Every Tuesday morning on the Ethan and Lou Show on I-95, we do a feature called: "The Place You Live" featuring Mike Allen.

Mike is our former News Director, a fantastic storyteller and a tenacious researcher. Mike looks all around Connecticut and Putnam/Dutchess counties in NY to find true stories about the places we call home.

Get our free mobile app

This week, we went back to a land before time and learned about the massive role CT has in Paleontology history.

Dinosaur State Park in Rocky Hill, CT is a great place to learn and discover, but it was not put there arbitrarily. The Park was constructed right on top of where some of the world's best evidence of dinosaurs were found.

The Park may never have existed if not for a significant find by a man running an excavator in 1966. That man's name was Edward McCarthy who was operating a backhoe clearing ground for a new state building.

McCarthy unearthed tracks with three toes on gray sandstone and realized he should stop and get the attention of his supervisor.

What Ed had found was the tip of the iceberg, the first look at what would become the largest fossil track-way ever uncovered. It's since been surpassed, but the 2,000 dinosaur tracks were the most ever found in 1966 and remain one of the world's biggest to date.

The site was fenced off, the University of Connecticut was brought in to research the tracks and it was determined that this was very special. The State of CT moved quickly and the area was designated a National Natural Landmark.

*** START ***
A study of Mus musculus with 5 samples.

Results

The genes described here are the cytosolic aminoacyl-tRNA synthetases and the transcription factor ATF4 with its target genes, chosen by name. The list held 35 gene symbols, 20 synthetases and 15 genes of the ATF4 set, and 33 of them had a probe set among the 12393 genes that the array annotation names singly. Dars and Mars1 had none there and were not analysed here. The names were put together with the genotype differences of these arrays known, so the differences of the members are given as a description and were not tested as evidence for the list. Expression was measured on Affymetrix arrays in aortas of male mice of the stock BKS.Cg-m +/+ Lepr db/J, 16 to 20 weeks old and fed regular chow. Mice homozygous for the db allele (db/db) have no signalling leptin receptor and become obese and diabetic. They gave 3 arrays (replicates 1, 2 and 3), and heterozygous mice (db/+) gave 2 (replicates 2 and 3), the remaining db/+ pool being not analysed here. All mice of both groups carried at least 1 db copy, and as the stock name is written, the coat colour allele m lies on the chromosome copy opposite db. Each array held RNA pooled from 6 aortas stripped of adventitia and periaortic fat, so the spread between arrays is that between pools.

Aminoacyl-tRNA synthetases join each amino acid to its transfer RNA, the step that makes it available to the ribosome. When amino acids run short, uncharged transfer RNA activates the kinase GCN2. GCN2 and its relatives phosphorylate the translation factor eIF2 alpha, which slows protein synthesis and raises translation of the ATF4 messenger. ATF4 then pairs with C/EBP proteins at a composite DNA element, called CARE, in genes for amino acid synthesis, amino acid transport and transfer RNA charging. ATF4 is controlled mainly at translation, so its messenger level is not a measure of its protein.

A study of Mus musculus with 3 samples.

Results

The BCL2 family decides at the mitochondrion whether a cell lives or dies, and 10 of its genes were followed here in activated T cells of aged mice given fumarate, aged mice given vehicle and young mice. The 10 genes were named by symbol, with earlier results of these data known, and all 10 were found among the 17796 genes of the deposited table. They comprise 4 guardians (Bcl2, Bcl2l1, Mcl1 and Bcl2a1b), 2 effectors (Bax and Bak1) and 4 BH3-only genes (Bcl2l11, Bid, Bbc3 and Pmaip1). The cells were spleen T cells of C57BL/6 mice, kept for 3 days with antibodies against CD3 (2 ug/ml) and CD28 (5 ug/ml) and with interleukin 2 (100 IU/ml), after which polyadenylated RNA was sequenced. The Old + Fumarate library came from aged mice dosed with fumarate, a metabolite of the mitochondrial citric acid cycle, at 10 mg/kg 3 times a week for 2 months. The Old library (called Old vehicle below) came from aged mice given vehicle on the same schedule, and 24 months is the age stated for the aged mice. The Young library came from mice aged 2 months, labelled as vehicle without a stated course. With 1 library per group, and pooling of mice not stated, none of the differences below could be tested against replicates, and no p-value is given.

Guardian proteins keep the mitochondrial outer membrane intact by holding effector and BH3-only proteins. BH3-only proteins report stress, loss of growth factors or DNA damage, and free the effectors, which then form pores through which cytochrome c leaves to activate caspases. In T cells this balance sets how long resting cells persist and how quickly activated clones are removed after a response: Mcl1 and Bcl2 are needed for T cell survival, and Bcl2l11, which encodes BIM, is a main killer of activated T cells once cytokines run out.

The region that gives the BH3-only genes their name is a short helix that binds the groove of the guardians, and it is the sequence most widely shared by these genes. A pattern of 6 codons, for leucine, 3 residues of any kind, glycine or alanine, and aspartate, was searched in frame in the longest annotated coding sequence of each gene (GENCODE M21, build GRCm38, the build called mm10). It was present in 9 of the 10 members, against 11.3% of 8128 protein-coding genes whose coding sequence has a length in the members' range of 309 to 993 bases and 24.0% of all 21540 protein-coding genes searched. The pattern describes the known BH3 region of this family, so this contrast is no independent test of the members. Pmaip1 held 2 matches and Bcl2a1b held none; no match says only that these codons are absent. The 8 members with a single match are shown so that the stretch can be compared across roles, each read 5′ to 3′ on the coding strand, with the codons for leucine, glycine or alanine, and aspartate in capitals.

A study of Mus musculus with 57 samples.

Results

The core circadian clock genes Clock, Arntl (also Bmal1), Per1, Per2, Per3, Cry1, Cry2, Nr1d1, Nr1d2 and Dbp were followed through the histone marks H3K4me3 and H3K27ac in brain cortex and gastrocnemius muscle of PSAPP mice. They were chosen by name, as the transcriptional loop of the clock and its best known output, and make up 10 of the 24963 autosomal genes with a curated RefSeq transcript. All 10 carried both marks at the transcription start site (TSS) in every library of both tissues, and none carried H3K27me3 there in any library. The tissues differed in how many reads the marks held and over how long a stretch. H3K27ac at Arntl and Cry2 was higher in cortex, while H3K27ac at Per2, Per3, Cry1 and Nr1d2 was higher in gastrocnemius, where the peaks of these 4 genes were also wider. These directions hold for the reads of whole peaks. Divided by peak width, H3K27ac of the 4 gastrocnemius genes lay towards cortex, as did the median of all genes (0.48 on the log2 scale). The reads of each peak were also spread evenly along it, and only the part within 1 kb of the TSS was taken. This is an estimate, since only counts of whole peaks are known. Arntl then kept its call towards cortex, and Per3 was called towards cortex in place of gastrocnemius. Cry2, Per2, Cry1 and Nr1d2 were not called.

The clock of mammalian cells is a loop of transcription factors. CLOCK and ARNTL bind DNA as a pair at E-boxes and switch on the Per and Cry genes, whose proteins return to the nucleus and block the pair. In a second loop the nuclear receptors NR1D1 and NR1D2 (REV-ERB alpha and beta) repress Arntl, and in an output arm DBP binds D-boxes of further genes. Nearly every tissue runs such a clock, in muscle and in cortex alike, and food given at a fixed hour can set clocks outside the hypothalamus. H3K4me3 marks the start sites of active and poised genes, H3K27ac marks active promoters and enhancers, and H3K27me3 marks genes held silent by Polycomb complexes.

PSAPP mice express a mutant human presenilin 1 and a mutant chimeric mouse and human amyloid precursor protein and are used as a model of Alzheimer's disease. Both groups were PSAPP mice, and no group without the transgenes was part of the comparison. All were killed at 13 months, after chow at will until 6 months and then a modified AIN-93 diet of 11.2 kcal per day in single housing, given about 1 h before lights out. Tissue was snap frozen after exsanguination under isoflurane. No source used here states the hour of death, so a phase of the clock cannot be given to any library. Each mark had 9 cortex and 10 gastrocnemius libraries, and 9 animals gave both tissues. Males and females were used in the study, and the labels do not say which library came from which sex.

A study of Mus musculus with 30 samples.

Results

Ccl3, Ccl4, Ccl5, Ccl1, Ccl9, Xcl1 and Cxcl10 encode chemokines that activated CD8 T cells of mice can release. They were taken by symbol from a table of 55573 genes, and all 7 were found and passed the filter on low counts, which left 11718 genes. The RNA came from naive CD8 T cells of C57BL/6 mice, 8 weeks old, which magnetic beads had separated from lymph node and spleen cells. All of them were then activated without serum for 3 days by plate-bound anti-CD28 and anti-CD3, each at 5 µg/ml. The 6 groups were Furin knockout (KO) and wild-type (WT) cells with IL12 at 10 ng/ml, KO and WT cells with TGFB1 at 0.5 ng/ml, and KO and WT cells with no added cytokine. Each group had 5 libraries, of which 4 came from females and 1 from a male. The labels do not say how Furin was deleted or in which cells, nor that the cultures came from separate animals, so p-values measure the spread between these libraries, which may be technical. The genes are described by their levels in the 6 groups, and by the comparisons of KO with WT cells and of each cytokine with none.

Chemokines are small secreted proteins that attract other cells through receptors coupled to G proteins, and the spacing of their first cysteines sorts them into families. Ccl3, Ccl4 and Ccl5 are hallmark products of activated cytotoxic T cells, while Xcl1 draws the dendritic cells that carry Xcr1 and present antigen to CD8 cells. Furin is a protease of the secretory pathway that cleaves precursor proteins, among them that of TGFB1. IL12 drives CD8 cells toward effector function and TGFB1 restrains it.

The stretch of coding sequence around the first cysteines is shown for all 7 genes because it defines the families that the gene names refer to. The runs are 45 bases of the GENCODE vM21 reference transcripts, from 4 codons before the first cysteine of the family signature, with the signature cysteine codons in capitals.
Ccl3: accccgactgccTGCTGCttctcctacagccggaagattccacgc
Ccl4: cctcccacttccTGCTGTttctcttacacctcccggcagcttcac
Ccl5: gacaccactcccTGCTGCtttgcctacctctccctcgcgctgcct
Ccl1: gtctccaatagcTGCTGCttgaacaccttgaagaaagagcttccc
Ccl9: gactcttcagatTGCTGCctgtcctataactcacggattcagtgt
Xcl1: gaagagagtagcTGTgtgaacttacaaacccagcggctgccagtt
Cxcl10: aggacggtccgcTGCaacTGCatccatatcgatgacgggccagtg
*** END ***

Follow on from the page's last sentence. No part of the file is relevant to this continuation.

They divided the track marks into two parts. The first was a section of about 500 tracks that were covered in a geodesic dome, the remaining 1,500 tracks were protected by being buried after they were insulated with 2 inches of polyurethane and thick tarps.

The tracks have been dated at around 200 million years old and came from the Dilophosaurus, a meat eating dinosaur that ranged from 18-23 feet in length and could run 20 miles per hour at maximum speed.

Photo: Dilophosaurus model Dinosaur State ParkĀ  - Youtube/Paolo Bignami

The 1,500 buried tracks are set aside for scientific research and will remain buried until proper funding is in place to properly study them.

Today, the 500 tracks, the model of the Dilophosaurus and wonderful displays can be seen at Dinosaur State Park at 400 West Street in Rocky Hill, CT. If you plan a visit please check their website or call ahead to see how COVID-19 may have altered accessibility or hours. Their phone number is (860)529-8423

This is the dome that covers the 500 tracks:

Google Instant Street View

Don't miss "The Place You Live" every Tuesday morning at 8:20 & 8:50 on the Ethan and Lou Show with Mike Allen.

Photo: Lou Milano

Fun Fact:

If a Dilophosaurus were to run from Dinosaur State Park in Rocky Hill to the Railway Museum in Danbury, it would take two hours.

LOOK: Stunning vintage photos capture the beauty of America's national parks

Today these parks are located throughout the country in 25 states and the U.S. Virgin Islands. The land encompassing them was either purchased or donated, though much of it had been inhabited by native people for thousands of years before the founding of the United States. These areas are protected and revered as educational resources about the natural world, and as spaces for exploration.

Keep scrolling for 50 vintage photos that show the beauty of America's national parks.

11 of New Milford's Most Unusual Street Names

Drone Captures Crystal Clear Images of Brookfield From High Above

While cruising Youtube recently I found a video that captured my attention, drone footage from high above Brookfield, CT. The video happened to be of a section of Brookfield right above the radio station I've been worked at for 21 years, I-95.